Every business —no matter the sector or service— comes with risk. That’s just the name of the game in business.
Although challenges and risks can’t be avoided, they can be mitigated with the proper planning, precautions, and insurance coverage.
Here’s a quick list of today’s biggest insurance risks to business owners, and what you can do to protect against them.
Hurricanes, snowstorms, floods, vandalism, fires and other events that damage your business’ physical property can throw a serious wrench in your company’s ability to operate.
Even if your facilities were not completely destroyed, chances are, you won’t be able to run your business out of there while repairs are underway.
What to do: Your first line of defense against the effects of property damage or theft is insurance coverage. Business owners should make sure their building and its contents — including shelving, displays, inventory and any equipment — are properly insured. Properties should be insured to their full replacement value — not market value — including any recent improvements.
Business Owners should also consider Business Interruption Insurance as a safety net to keep their cash flow going– even when operations come to a temporary halt. Business Interruption Insurance provides coverage for lost revenue and profits arising from uncontrollable interruptions in operations, such as those arising from natural disasters or a building fire.
Even when the best employees are considered, there are risks involved when a company decides to hire. A business should make sure proper coverage is available and in place, whether an employee is performing a labor-intensive task, driving a company vehicle, or interacting with the public.
What to do: While Workers’ Compensation is not mandatory in Texas (with the proper legal filings), business owners should still consider the coverage. Don’t think of it as just a benefit to your employees; Workers’ Compensation is built to protect you, the business owner, in the case of employee injury. Don’t let a large injury suit sink your business when Workers’ Compensation could have prevented or softened the situation.
Beyond Workers’ Compensation, there are other coverages available to business owners to help mitigate their risk as an employer.
Consider looking into Management Liability Insurance and Employment Practices Liability Insurance. This type of coverage protects the owners and managers from suits related to discrimination from potential, current and past employees, as well as third-party claims.
When considering letting employees go, make sure to fully plan and prepare for their departure – this is a good way to avoid legal recourse from layoffs. Consider offering benefits to employees you are planning to let go, such as: severance packages, payment for unused time off, and extended health insurance coverage. Be sure to also consider any pending Workers’ Comp claims that might be affected by layoffs.
Businesses in all industries have seen a huge increase in cybersecurity problems in recent years. Research shows that 42% of small and midsize businesses don’t see cybercrime as a threat to them. Yet 77% of all cybercrime is targeted at small and midsize enterprises.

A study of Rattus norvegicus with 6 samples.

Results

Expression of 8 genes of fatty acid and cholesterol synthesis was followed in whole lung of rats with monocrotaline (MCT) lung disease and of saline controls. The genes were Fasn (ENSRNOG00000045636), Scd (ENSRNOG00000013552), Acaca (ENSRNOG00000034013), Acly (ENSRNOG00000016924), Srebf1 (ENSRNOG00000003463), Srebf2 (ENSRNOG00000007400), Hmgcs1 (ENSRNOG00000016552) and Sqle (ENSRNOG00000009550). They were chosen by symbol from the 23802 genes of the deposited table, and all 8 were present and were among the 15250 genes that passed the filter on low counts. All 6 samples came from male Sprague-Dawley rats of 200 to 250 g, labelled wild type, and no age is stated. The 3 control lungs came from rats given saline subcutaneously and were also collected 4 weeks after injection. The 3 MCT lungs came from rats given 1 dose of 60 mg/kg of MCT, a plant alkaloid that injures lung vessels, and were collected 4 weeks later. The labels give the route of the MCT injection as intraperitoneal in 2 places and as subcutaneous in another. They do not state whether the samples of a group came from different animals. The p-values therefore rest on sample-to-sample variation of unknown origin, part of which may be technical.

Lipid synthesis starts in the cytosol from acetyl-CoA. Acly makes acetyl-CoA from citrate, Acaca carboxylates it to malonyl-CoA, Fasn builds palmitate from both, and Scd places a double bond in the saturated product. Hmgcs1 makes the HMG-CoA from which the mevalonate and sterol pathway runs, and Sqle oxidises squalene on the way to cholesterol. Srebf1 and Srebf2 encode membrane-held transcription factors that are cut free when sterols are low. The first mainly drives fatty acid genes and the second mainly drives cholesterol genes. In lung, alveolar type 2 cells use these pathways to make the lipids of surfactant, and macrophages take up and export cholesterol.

What to do: Be sure to establish basic security practices & policies for employees, like requiring strong passwords, and establish appropriate internet use guidelines. If you have Wi-Fi at the business, make sure it is secure, encrypted and hidden.
If you accept credit card payment, make sure your payment technology meets legal standards. Work with banks or processors to ensure the most trusted and validated tools are being used. If you don’t take these steps, fraud liability costs could fall to you and your business if a breach occurs.
Even with these preventive measures in place, a breach can still occur. To safeguard a business in the case of cybercrime, owners should look into Cyber Insurance. Cyber Coverage has grown increasingly important to all types of businesses and can help to protect from the costs that come along with a data breach— from client notification, to remediation, payment penalties, & crisis management costs.
MANUFACTURING & TRANSPORT
Manufacturers today face unique risks. Highly specialized machinery can take months, or even years, to replace, and a lot can also go wrong even after production– like during the journey from factory to warehouse to showroom to store.
What to do: Look into Contingent Business Interruption coverage to soften any financial impact if problem does arise – say: a fire at your manufacturer’s factory. Business owners should also consider Inland Marine or Ocean Cargo coverages for products on their way to warehouses and retail stores.
Inland Marine Insurance will come in handy if you ship cargo on land, ship high-value items or high volumes, or have property that constantly moves from place to place.
FINDING THE RIGHT INSURANCE PARTNER
While there’s no substitution for proper precautions and business management, bad things can happen no matter how careful and prepared your business is. It’s worth buying the right coverage to protect the investments and hard work you’ve put into your company.
When looking for insurance coverage for your business, partner with a company that is invested in your businesses’ long-term success and provides the necessary tools & services to protect you.
Don’t go for the lowest cost provider just to save a little in premium today. Choosing the “cheap” route now could leave your business vulnerable when the worst happens. Work with an insurance provider that makes sure you have the proper coverage for your businesses’ unique needs – even if that means paying just a little more.
The right insurance advisory team will be proactive on your behalf and help anticipate and avoid problems areas.
Have questions about your coverage options? Contact our team of industry experts today.